Why Centers Make the Perfect Sub Plans
Yep, I’ve done it. I’ve come back into school to prep and write sub plans in the midst of a stomach flu. After that debacle, I decided I needed something in place for emergency sub days (duh, right?). So now, in addition to my general handouts about routines and art room technology, I also include general plans for implementing centers, including where to find materials.
Here are four compelling reasons to try centers for subs in your room.
- There are limited materials making clean-up easy.
- The kiddos are moving roughly every 12-15 minutes, which prevents boredom, fills the entire hour, and therefore, leads to less behavior issues.
- Centers promote collaboration and interaction.
- The sub doesn’t need any artistic experience to facilitate the activities.
I generally include a couple drawing games (depending on the age), a free draw station using How To Draw books, an art book reading station, and a station or two that uses a special material or activity. It really depends on the age, so the sub may have to change out the stations depending which grades have art throughout the day.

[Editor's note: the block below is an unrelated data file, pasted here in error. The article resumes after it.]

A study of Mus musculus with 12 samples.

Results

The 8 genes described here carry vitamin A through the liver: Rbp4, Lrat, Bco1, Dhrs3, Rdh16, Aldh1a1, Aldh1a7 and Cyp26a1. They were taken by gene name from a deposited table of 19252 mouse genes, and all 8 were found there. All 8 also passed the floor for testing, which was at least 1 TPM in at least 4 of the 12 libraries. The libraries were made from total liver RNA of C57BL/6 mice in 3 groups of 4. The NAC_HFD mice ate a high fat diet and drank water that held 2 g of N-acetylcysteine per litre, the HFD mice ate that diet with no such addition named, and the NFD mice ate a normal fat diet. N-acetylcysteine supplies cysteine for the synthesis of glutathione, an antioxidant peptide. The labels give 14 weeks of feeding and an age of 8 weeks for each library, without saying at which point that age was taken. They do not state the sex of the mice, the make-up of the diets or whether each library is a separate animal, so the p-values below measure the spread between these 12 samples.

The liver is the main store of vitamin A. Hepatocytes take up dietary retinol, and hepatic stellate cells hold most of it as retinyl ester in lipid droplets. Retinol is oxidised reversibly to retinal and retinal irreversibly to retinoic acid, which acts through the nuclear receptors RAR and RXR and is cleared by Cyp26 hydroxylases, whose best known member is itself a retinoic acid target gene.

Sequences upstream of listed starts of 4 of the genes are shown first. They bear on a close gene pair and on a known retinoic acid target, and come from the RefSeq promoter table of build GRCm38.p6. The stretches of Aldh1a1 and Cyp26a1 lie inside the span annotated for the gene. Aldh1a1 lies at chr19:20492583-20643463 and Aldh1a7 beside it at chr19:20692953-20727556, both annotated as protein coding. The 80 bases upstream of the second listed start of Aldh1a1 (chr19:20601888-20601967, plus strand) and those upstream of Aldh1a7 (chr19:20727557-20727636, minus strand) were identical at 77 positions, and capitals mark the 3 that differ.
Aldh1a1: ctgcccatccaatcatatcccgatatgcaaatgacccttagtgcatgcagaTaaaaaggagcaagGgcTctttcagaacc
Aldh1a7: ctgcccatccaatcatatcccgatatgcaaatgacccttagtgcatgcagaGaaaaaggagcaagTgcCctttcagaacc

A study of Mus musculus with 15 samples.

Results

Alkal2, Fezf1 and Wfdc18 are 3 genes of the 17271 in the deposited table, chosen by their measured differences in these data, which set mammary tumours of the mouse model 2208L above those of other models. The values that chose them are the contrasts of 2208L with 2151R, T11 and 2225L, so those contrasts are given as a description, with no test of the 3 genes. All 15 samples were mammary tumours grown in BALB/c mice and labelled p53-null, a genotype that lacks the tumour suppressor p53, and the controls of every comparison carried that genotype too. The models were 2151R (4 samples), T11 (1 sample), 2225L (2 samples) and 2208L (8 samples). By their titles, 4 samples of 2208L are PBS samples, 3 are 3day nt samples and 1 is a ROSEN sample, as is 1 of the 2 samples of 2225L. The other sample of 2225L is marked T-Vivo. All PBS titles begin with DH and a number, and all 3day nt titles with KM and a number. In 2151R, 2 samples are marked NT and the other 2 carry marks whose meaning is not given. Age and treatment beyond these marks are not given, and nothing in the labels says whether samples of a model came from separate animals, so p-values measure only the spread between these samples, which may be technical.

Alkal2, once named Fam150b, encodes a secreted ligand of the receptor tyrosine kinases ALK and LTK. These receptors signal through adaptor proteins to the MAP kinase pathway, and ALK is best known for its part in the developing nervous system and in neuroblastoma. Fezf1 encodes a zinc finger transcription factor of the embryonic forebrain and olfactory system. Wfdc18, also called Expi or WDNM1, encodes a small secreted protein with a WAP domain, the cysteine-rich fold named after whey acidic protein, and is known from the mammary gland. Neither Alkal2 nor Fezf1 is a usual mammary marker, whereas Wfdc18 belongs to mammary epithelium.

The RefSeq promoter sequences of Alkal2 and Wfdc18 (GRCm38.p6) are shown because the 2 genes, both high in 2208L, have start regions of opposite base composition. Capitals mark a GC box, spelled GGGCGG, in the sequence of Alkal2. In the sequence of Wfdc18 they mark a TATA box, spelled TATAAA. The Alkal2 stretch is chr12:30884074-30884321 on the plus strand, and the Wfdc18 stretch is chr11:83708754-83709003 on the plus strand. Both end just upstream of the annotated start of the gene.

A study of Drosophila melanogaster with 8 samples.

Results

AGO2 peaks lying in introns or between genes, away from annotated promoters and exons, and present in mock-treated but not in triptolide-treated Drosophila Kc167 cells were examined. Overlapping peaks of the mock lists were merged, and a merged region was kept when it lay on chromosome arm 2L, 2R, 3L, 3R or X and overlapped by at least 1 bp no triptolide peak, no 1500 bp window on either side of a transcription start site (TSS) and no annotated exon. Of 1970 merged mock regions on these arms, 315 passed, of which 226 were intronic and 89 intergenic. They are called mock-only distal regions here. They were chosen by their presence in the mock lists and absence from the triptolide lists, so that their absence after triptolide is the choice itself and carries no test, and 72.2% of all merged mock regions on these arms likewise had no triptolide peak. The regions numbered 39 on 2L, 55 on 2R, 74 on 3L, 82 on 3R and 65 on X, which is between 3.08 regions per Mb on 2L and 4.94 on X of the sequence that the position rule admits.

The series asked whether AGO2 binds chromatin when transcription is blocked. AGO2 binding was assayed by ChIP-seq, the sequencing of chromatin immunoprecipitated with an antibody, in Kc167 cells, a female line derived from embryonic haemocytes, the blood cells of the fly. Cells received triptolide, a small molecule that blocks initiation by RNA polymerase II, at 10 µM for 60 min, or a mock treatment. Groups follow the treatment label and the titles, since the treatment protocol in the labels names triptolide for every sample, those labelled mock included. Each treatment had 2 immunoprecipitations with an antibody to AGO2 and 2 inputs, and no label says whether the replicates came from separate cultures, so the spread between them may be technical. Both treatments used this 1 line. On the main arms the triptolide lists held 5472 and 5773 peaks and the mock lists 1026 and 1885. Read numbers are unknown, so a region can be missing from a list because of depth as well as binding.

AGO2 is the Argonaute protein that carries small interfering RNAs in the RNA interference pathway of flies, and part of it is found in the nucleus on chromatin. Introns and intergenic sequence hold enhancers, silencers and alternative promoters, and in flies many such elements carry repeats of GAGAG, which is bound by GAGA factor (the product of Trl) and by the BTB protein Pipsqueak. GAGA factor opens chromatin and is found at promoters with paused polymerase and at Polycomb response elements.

Here is a list of games and products that I’ve found work well for centers.
–Moon Dough (it’s not as messy as Play-Doh or modeling dough
–Zolotopia Building Set (or any Zolo sets)
I feel confident about classroom management, mess, and materials when I leave emergency centers because they’re already prepared and easy to implement!
In addition to centers, I have started by very own Sub Tub inspired by Jen from the blog Draw the Line At and even had a lesson swap with the other elementary art teachers in our district at our most recent collaboration meeting. Everyone brought at least one lesson (and plenty of copies) to share, beefing up our Sub Binders and Sub Tubs!
What do you have in place for emergency sub plans?
What would you suggest as an emergency art center?